Taking samples for plant disease diagnostics

Page last updated: Tuesday, 17 April 2018 - 8:43am

Please note: This content may be out of date and is currently under review.

Plant disease diagnosis depends in large part upon the quality of the sample received and the information provided by the person that takes the sample.

In this page you will find the instructions to collect and submit plant samples for diagnosis.

Plant disease diagnostics is a fee-based service provided by the DDLS - Plant pathology service. A case handling fee is applied to all submissions to cover administration and overhead charges. The submitter will be invoiced in all cases unless documented otherwise on the submission form at the time of sample submission. 

Plant samples must be of adequate quality and quantity (see below) and be accompanied by a completed application form. Forms are available to download from the right menu in this page.

Sampling for general plant disease diagnostics

Please follow these guidelines to ensure you send the most appropriate plant or soil samples for accurate and timely disease diagnosis.

  • Take fresh samples, keep them cool and out of direct sunlight.
  • Label sample bags clearly with a permanent marker.
  • Submit affected and unaffected plants packaged and labelled separately (e.g. inside, outside and boundary of affected areas).
  • For plants up to 1m high, submit at least three whole plants, complete with soil, or 20 seedlings.
    For plants over 1m high, separate into top and bottom components before submitting.
  • Submit at least 10 whole plants, or 20 seedlings.
  • Send samples as per instructions below.
  • Avoid sending samples on a Thursday or Friday otherwise refrigerate until despatched the following week.
  • Label the parcel ‘Urgent plant samples - keep cool’.
  • Complete the Plant Disease Diagnosis Submission Form.
  • Complete a separate form for each species.


Whole plant or root samples

Nursery plants

  • Submit whole plants in pots and tubes.
  • Submit both healthy and unthrifty plants.

Field/crop plants

  • Submit whole plants, unless it is clearly a leaf, stem or fruit disease.
  • Dig up plants so that the roots remain intact. Do not pull the plants from the soil. 
  • Leave the soil on the roots to keep the plants alive during transit.  Washed roots will rot while in transit.
  • Seal roots and soil in a plastic bag near the base of the plants.  Enclose the whole sample inside another plastic bag (Figure 1)
  • Enclose seedlings in one bag.

Pasture plants

  • Collect as sod samples (20 x 20 cm), to 5-10 cm depth.
  • Seal in a plastic bag, without removing the soil from the sample.


Leaf samples

Fungal / bacterial diseases

  • Wrap cereal leaves in paper or enclose in a paper envelope. Do not send in plastic.
  • Seal pulse or oilseed leaves in a plastic bag.
  • Wrap leaves from horticultural crops in paper and enclose in a paper envelope or unsealed plastic bag.

Viral diseases

  • Collect new growth (newest fully developed leaves) or whole shoots.
  • For potatoes, shoots or tubers can be sent.
  • For grapevines, collect dormant canes. Canes to be 10-20cm in length, 3 canes per vine.  A maximum of 10 vines can be grouped together for testing as one sample.
  • Seal samples immediately in a plastic bag to prevent wilting.
  • Package to avoid leaves getting squashed.
  • The number of leaves/shoots sampled should be in multiples of the testing groups sought. (e.g. for testing in groups of 10, you could sample 100 leaves).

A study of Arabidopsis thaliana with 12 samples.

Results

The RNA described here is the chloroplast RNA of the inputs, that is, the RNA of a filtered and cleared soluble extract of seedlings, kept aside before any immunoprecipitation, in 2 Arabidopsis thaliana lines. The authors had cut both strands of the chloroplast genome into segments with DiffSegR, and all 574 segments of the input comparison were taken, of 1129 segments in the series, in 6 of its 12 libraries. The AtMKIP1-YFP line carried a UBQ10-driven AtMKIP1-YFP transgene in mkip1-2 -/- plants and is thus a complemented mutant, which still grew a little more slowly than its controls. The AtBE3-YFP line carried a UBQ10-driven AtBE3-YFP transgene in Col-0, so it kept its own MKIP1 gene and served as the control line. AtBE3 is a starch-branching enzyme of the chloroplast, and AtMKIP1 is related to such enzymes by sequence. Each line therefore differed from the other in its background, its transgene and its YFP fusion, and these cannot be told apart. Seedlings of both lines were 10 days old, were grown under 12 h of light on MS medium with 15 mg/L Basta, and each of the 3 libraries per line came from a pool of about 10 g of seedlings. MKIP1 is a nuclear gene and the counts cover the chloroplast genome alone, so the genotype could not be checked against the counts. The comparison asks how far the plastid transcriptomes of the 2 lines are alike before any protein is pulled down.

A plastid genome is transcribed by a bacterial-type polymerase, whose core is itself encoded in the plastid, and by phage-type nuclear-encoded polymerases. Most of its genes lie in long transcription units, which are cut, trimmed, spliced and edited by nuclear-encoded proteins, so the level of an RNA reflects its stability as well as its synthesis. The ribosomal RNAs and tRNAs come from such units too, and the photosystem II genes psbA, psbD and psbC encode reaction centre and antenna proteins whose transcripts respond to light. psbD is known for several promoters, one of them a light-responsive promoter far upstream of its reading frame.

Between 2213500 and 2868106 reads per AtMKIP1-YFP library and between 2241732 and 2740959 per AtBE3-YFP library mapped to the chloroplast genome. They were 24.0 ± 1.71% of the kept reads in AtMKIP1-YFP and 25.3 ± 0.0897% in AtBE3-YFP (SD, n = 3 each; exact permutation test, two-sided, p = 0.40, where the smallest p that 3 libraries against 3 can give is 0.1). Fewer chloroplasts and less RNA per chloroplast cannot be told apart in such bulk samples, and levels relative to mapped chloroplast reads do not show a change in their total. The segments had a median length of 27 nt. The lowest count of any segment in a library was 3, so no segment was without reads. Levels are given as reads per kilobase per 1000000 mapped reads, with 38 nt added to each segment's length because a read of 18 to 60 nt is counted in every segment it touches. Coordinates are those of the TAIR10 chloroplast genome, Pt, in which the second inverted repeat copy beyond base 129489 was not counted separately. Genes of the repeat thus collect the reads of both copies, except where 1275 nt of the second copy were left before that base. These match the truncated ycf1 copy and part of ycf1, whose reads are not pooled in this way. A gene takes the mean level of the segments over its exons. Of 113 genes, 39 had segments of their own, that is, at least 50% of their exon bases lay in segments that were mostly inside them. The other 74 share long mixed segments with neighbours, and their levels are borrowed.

Turnaround time for virus testing

  • Leaves – approximately 7 working days
  • Grapevine canes – approximately 10 working days
  • Potato tuber – approximately 6 weeks (tubers are sprouted prior to testing).


Soil samples for detection of Nematodes, or Pleiochaeta spore counts

For Broadacre crops/paddocks

Nematodes (moist soils) and Pleiochaeta spore counts

  • Use a soil corer (e.g. pogo stick) to sample 0-10 cm (0-4").
  • Remove surface debris in the area to be sampled.
  • Sample soil for nematodes at 6-12 locations towards the margin of poor growth areas.
  • Or collect 40 soil samples from wide paddock areas.
  • Place in a bucket and mix thoroughly.
  • Remove a 500g sample and seal in a plastic bag. Label the bag.

For horticultural crops/paddocks

Pre-planting (moist soils)

  • Use a soil corer (e.g. pogo stick) to sample 0-20 cm (0-8").
  • Remove surface debris in the area to be sampled.
  • Sample soil for nematodes on a grid pattern, taking 20 samples per hectare, 500 g per sample.
  • If a result for each sample is required seal samples separately in plastic bags.  Label each bag.  Otherwise mix all soil samples thoroughly but gently and take a 500g sample from this mix, seal sample in a plastic bag and label.
  • Soil samples from tropical and subtropical areas should be stored at 10°C, but soil samples from other areas can be refrigerated.
  • Do not allow temperature of any samples to rise above 25°C during transit.

Existing plants

  • Use a soil corer or narrow shovel to sample to a depth of 20 cm.
  • Remove surface debris from around the base of the plant.
  • Collect 500 g of soil from the root zone of the plant.
  • Take soil from three unthrifty plants and from one healthy plant.
  • Seal samples separately in plastic bags.  Label each bag.
  • Soil samples for detection of Phytophthora (Dieback).


  • Follow sampling procedure outlined above for nematodes (pre-planting).  However, samples can be refrigerated.

Existing plants

  • Follow sampling procedure outlined above for nematodes (existing plants).
  • Sample from three plants showing dieback symptoms and from one healthy plant.